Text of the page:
A (digital) superstar is born in AR singing competition, Alter Ego
Augmented Reality (AR) is paving the way for a new generation of digital superstars in Fox Network’s innovative new series, Alter Ego
Alter Ego is the latest in a line-up of reality singing competitions that puts talent centre stage by keeping its contestants’ identities a mystery. But what really steals the show in this new and improved take on the concept, is its innovative use of AR tech.
The pitch: vocalists from all walks of life, who don’t conform the superficial standards of the music industry, perform as AR avatars of themselves in front of judges Grimes, will.i.am, Alanis Morissette, and Nick Lachey, allowing them to be critiqued on one thing alone: their talent. The identity of the avatars is only revealed to the judges and in-person audience once a contestant is eliminated or the winner is crowned.
So how do we ‘see’ them perform? Backstage, contestants are clad in motion-sensor bodysuits and facial recognition tech, which is then fed back to 3D-creation tool, Unreal Engine, and rendered into avatars who mirror the singers’ every move and expression on stage using hologram-inspired displays, all in real time. Check it out.
It adds a whole new dimension to the artists’ performance. The otherworldly avatars are based on each contestant’s dream persona, or alter ego, and have been designed to their liking. They also enjoy some super human abilities, like eyes that can shoot lasers, shapeshifting tattoos, and spontaneous combustion - the sort of things that wouldn’t be possible for mere mortals.
Does all the smoke and mirrors (and pixels) actually make for captivating entertainment? With eye-level monitors strategically placed so as to create the illusion that the performing avatars really have taken centre stage, the crowd’s and judges’ reaction says it all. They genuinely seem blown away.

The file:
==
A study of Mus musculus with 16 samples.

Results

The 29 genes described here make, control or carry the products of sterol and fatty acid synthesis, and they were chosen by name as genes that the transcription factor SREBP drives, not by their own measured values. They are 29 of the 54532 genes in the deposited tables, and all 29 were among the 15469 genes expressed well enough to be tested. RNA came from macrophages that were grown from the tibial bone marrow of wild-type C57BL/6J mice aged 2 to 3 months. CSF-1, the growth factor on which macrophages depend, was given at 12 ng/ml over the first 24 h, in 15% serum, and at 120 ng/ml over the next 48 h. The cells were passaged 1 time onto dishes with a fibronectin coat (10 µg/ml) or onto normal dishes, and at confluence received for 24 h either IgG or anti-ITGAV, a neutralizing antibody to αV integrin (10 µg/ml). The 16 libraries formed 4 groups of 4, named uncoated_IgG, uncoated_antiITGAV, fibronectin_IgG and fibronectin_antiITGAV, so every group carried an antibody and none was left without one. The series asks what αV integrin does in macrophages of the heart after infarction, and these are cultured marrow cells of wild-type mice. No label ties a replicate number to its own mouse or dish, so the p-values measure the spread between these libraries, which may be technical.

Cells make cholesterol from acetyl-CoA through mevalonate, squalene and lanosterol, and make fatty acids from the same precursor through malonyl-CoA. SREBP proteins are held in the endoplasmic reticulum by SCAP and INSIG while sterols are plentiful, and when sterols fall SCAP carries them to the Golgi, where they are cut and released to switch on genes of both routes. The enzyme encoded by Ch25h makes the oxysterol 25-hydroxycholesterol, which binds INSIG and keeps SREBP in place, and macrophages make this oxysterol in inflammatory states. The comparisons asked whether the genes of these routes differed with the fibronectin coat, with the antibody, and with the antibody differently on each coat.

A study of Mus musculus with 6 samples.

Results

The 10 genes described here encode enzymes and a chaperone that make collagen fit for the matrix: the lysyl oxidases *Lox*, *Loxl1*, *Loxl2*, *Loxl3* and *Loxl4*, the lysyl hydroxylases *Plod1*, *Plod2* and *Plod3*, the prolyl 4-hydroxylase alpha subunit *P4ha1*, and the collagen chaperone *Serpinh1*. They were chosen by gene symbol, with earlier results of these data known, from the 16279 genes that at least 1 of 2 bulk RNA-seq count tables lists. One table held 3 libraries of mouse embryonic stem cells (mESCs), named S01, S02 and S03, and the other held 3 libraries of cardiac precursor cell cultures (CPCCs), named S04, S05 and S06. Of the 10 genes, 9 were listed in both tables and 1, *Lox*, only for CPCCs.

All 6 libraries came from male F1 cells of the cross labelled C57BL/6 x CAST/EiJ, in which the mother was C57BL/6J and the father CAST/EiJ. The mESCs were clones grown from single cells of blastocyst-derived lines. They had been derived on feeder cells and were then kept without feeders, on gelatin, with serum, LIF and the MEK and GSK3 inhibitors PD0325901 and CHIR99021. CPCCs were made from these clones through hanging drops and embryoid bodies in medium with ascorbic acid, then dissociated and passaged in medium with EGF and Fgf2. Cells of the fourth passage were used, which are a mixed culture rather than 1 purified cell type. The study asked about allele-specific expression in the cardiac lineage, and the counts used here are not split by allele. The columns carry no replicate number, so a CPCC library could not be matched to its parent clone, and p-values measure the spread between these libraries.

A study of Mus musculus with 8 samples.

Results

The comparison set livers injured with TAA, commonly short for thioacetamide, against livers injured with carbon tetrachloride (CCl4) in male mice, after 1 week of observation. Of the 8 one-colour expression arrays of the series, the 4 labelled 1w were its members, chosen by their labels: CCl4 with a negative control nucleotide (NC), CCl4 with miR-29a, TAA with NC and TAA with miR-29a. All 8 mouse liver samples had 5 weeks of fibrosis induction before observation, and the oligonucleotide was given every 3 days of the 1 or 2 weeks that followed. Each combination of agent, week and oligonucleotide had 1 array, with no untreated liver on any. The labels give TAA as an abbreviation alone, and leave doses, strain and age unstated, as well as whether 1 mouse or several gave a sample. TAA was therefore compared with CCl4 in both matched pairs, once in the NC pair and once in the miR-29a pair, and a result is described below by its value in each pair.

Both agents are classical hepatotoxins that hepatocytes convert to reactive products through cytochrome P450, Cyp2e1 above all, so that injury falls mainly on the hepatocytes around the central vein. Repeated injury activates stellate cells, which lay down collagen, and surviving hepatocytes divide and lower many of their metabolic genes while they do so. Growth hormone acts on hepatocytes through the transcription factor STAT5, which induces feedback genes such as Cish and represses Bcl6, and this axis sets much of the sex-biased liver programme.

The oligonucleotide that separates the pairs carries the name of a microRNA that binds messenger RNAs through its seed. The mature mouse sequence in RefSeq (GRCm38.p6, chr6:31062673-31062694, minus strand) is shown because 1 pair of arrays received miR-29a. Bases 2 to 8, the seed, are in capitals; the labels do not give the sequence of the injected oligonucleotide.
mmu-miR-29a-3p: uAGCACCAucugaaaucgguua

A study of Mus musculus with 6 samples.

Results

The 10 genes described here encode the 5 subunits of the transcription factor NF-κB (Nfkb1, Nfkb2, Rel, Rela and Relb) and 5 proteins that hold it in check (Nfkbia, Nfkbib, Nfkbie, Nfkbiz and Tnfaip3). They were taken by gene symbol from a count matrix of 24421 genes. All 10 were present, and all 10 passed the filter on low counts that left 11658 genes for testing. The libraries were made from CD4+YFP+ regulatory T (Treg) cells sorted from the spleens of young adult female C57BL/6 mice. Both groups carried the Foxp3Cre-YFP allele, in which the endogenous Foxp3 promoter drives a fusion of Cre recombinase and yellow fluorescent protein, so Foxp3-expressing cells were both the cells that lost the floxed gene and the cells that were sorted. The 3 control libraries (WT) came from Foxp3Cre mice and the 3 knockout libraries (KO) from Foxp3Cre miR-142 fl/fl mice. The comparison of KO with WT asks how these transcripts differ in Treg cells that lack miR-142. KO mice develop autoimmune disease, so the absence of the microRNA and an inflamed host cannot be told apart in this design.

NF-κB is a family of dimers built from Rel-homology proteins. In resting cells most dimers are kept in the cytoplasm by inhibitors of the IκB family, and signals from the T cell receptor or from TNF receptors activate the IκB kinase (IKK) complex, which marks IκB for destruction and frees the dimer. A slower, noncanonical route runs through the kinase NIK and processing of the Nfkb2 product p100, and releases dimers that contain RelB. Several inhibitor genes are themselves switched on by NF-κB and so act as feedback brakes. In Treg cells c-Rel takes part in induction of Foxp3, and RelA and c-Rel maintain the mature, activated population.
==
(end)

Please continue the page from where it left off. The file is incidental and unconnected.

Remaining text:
But, as is often the case when technology is injected into art, one can’t help but wonder if the human aspect gets lost and the gimmick steals the shine? In this case, the converse is true. It actually solves one of the music industry’s most pertinent problems. By removing any chance for bias or prejudice based upon a performer’s real physical appearance, it allows the raw talent, the voice, the humanity, and the personal stories of the competitors to shine through.
Not only is Alter Ego pushing the boundaries of AR to a new limit, what really excites us is how it has breathed new life into what has become a stale and standard show format. And this is only the beginning. This type of thinking could very well revolutionise all aspects of reality and real-time entertainment, and reimagine not only superstar performances, but even live sport.
If you haven’t already, ask yourself this: if your brand is in the business of real-life and real-time audience connections, how can you make the “virtual” an actual reality? We’d love to answer this for you.